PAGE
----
One hundred and fifty years ago, river levels prevented river traffic near DeVall’s Bluff. According to a dispatch sent from the White River, “This river is falling, and there is not now over 5 feet of water on some of the bars.” The communication continued, “If this is to be your base of supplies, the low water coming requires your prompt attention, as at 3 feet, the low-water stage, steamers could bring up very little freight indeed, while we have but one or two gunboats of sufficiently light draft to act as convoy.” The dispatch concluded, “It is probable that all the gunboats except two will be obliged to leave this river within two weeks’ time.”
As river levels at DeVall’s Bluff hindered river travel, another dispatch noted Confederate troop levels in the area. “The rebel cavalry under Fagan, reported from 3,000 to 4,000, with a large train is moving up the Arkansas [River] for the purpose of joining Shelby on the east side and to take possession of the railroad.” The Federal army was doing all it could to hold off the enemy throughout the countryside.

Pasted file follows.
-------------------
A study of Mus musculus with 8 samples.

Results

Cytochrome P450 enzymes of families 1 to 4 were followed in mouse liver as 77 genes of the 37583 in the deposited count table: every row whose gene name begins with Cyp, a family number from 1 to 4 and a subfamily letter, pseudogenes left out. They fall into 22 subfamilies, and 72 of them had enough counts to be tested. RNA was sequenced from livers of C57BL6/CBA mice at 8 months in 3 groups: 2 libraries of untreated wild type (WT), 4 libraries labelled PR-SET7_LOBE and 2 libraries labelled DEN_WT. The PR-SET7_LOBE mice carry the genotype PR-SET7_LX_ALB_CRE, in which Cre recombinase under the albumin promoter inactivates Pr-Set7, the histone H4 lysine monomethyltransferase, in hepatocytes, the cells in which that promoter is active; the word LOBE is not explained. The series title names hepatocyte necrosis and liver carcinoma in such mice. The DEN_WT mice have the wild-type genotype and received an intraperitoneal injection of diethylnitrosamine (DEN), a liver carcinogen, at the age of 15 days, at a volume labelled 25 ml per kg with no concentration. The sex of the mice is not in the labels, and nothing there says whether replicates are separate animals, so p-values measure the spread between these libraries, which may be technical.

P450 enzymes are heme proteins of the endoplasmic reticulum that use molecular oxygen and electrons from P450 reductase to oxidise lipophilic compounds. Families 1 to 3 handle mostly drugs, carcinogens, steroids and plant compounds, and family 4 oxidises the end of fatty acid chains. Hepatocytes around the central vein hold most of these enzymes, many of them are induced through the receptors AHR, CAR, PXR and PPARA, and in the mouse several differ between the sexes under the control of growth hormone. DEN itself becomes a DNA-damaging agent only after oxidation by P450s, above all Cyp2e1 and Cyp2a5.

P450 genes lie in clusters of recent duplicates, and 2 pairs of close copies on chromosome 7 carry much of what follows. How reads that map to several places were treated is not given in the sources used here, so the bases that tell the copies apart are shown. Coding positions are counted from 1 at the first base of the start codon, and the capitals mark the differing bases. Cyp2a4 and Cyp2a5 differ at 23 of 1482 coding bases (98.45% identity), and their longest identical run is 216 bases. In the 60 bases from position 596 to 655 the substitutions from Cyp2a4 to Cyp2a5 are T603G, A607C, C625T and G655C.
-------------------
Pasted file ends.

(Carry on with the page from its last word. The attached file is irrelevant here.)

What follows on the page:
The dispatch continued “I can defend this place against Price, but would be very likely with my small force to lose the railroad and depot at Devall’s Bluff. If you can send the 8,000 mentioned in your dispatch to General Andrews I hope you will do so at once. My situation is a critical one.”
Military actions that took place in Arkansas one hundred and fifty years ago include a skirmish near Glass Village on the 8th; an affair near Clarendon on the 9th; a skirmish on the 11th at Brewer’s Lane, Fort Smith, and Pine Bluff; skirmishes on the 13th at Searcy, and a skirmish on the 14th at Rogers Crossing on the White River.